A Socio-Ecological Approach to GIS Least-Cost Modelling for Regional Mining Infrastructure Planning: A Case Study from South-East Sulawesi, Indonesia

1
School of Environmental and Geographical Sciences, University of Nottingham Malaysia Campus, Semenyih 43500, Malaysia
2
Centre for Social Responsibility in Mining, The University of Queensland, Brisbane 4072, Australia
3
School of Geography, Planning and Environmental Management, The University of Queensland, Brisbane 4072, Australia
4
Natural Resources Management & Environmental Sciences Department, California Polytechnic State University, San Luis Obispo, CA 93407, USA
5
Centre for Mined Land Rehabilitation, The University of Queensland, Brisbane 4072, Australia
6
Department of Geography, University of Delaware, Newark, DE 19702, USA
7
Research Group of City and Regional Infrastructure System, Institut Teknologi Bandung, Bandung 40132, Indonesia
8
Bappeda Provinsi Sulawesi Tenggara, Kota Kendari 93873, Indonesia
*
Author to whom correspondence should be addressed.
Academic Editor: Alessandro Galli
Received: 15 October 2016 / Revised: 13 January 2017 / Accepted: 17 January 2017 / Published: 24 January 2017
View Full-Text   |   Download PDF [4203 KB, uploaded 24 January 2017]   |  

Abstract

Regional planning approaches to mining infrastructure aim to reduce the conflict associated with mining operations and existing land uses, such as urban areas and biodiversity conservation, as well as the cumulative impacts that occur offsite. In this paper, we describe a method for conducting Geographical Information System (GIS) least-cost path and least-cost corridor analysis for linear mining infrastructure, such as roads. Least-cost path analysis identifies the optimal pathways between two locations as a function of the cost of traveling through different land use/cover types. In a case study from South-East Sulawesi, Indonesia, we identify potential linear networks for road infrastructure connecting mines, smelters, and ports. The method used interview data from government officials to characterise their orientation (perceived importance and positive/negative attitude) toward the social and environmental factors associated with mining infrastructure. A cost-surface was constructed by integrating spatial layers representing the social and environmental factors to identify areas that should be avoided and areas that were compatible with linear infrastructure using the least-cost path analysis. We compared infrastructure scenario outputs from local and national government officials by the degree of spatial overlap and found broad spatial agreement for infrastructure corridors. We conclude by discussing this approach in relation to the wider social-ecological and mine planning literature and how quantitative approaches can reduce the conflict associated with infrastructure planning. View Full-Text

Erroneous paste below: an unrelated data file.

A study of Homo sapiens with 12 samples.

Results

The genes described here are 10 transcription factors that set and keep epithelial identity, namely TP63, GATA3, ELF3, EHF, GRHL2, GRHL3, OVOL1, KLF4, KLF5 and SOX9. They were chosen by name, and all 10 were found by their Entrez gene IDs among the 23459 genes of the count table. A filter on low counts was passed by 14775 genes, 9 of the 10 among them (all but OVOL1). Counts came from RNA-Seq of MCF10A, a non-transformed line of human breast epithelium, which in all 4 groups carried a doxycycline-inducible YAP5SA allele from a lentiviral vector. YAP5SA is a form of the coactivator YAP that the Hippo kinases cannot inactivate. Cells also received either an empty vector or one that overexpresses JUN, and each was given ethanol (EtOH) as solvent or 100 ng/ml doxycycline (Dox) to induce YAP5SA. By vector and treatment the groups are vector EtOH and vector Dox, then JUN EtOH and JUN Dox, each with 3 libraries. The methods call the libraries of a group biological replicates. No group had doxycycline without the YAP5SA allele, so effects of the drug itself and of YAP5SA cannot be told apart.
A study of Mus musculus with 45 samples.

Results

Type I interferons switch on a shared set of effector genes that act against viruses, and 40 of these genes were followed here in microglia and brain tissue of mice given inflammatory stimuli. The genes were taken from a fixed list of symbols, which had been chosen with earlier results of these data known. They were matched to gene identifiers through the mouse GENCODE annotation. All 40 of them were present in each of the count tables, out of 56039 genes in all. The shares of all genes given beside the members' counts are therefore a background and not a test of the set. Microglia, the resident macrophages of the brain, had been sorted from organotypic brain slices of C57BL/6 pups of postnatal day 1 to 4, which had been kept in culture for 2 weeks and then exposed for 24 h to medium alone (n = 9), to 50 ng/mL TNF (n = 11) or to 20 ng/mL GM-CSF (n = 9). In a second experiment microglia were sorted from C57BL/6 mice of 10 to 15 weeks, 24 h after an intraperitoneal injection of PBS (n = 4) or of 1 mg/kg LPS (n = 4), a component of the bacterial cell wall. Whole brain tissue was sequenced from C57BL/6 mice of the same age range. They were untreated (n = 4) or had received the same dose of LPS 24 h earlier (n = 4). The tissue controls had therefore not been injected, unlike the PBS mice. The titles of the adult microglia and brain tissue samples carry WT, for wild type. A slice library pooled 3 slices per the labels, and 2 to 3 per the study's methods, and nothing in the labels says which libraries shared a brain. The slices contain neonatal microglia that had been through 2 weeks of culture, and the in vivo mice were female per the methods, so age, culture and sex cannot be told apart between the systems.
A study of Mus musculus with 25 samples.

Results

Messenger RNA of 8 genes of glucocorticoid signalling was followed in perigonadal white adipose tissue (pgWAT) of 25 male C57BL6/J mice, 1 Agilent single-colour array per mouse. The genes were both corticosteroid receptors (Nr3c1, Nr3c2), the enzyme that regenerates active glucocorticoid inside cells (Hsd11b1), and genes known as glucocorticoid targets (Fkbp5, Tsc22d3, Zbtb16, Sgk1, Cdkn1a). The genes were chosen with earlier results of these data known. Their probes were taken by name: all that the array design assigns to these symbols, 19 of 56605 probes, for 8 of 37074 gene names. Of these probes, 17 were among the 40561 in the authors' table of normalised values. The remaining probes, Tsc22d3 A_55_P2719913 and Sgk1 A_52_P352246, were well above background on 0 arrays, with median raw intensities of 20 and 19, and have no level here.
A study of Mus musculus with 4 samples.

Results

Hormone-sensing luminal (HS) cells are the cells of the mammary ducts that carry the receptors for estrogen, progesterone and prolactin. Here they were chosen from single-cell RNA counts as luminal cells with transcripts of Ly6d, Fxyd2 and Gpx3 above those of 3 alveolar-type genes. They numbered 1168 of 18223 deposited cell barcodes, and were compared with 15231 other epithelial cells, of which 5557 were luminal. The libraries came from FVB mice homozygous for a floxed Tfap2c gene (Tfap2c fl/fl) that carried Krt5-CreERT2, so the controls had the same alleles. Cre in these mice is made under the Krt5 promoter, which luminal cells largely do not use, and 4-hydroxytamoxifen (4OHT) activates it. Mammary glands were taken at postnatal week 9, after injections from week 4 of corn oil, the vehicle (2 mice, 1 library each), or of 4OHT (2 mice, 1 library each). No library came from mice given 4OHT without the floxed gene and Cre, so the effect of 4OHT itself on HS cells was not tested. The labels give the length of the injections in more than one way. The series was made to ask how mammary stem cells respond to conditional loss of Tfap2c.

Keywords: mining; GIS; least-cost paths; road infrastructure; regional planning; spatial planning; land use planning; socio-ecological analysis; Indonesia; South East Sulawesi mining; GIS; least-cost paths; road infrastructure; regional planning; spatial planning; land use planning; socio-ecological analysis; Indonesia; South East Sulawesi


Lechner, A.M.; Devi, B.; Schleger, A.; Brown, G.; McKenna, P.; Ali, S.H.; Rachmat, S.; Syukril, M.; Rogers, P. A Socio-Ecological Approach to GIS Least-Cost Modelling for Regional Mining Infrastructure Planning: A Case Study from South-East Sulawesi, Indonesia. Resources 2017, 6, 7.